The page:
DiNapoli: Town of Altona Official Misused $23,500

The former bookkeeper in the town of Altona in Clinton County altered cash receipts in order to embezzle $23,500 in public funds, according to an audit and investigation released today by State Comptroller Thomas P. DiNapoli.

“This individual controlled town finances with little oversight and had no difficulty in pocketing public money,” said DiNapoli. “Unfortunately, my office continues to uncover instances such as this where local officials are taking advantage of lax financial controls and helping themselves to the money in the public till. We have referred our findings to Clinton County District Attorney Andrew Wylie.”

DiNapoli’s audit revealed that, between 2009 and 2013, town officials could not account for all moneys remitted to the bookkeeper and ensure they were deposited and properly recorded in the accounting records.

Auditors found that the bookkeeper – Danielle Peryea, 34 – frequently altered receipts to show a lower amount collected from the park director and code enforcement officer. DiNapoli’s auditors found that $18,586 in park and recreation fees, $4,146 in code enforcement fees and $800 in town hall rental fees were not deposited. In August 2013, after learning of the Comptroller’s audit, the former bookkeeper remitted the missing money to town officials, but claimed it was a “donation” to the town.

Later, the former bookkeeper admitted to DiNapoli’s investigators that over a four year period, between 2009 and 2013, she altered town receipts and took town money without permission.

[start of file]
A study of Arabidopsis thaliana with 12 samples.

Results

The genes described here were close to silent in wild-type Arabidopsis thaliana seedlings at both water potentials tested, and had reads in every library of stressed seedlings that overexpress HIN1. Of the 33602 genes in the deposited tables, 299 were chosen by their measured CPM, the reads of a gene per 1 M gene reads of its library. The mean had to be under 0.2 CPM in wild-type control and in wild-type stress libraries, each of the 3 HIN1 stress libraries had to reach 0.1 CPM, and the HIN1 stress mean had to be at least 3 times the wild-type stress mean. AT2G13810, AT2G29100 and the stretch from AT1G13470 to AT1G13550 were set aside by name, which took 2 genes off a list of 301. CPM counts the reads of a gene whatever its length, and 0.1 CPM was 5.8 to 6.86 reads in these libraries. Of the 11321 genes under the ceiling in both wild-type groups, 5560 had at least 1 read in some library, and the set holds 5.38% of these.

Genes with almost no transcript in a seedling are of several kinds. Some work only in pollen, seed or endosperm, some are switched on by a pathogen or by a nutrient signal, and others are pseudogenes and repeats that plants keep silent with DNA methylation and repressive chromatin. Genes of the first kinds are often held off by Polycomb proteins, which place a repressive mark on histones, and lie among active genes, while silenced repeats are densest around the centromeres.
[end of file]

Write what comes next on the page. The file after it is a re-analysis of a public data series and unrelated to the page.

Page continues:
The Comptroller’s audit and investigation also revealed:

  • The bookkeeper allowed checks to remain on hand for weeks or months before deposit, including five undeposited checks totaling nearly $338,000;
  • The bookkeeper altered copies of 19 park-fee receipts to show a total amount of nearly $10,709 lower than what the park manager actually remitted;
  • The town does not have complete, accurate and up-to-date accounting records, and the town supervisor did not perform proper monthly bank reconciliations; and
  • The town board did not audit the records of the supervisor, tax collector, town clerk, code enforcement officer and park manager.

DiNapoli made several recommendations to the town, including:

  • Adopt written policies over cash receipts that address collection, recording and depositing. The policies should require segregating incompatible functions related to cash receipts;
  • Review supporting documentation and approve journal entries prior to the bookkeeper recording the entries in the central accounting system;
  • Perform complete and accurate monthly bank reconciliations and ensure that any differences disclosed by the reconciliation process are promptly identified and resolved;
  • Conduct an annual audit of the records and reports of all town officers and employees who received or disbursed money during the preceding fiscal year or hire an independent auditor to conduct the audits; and
  • Identify the financial reports that the supervisor should prepare to help manage town finances and evaluate its financial condition.

Town officials agreed with the audit findings and have begun to implement many of the Comptroller’s recommendations. Their response is included in the final audit report, which can be viewed here:

DiNapoli encourages the public to help fight fraud and abuse. New Yorkers can report allegations of fraud involving taxpayer money by calling the toll-free Fraud Hotline at 1-888-672-4555, by filing a complaint online at, or by mailing a complaint to: Office of the State Comptroller, Investigations Unit, 14th Floor, 110 State St., Albany, NY 12236.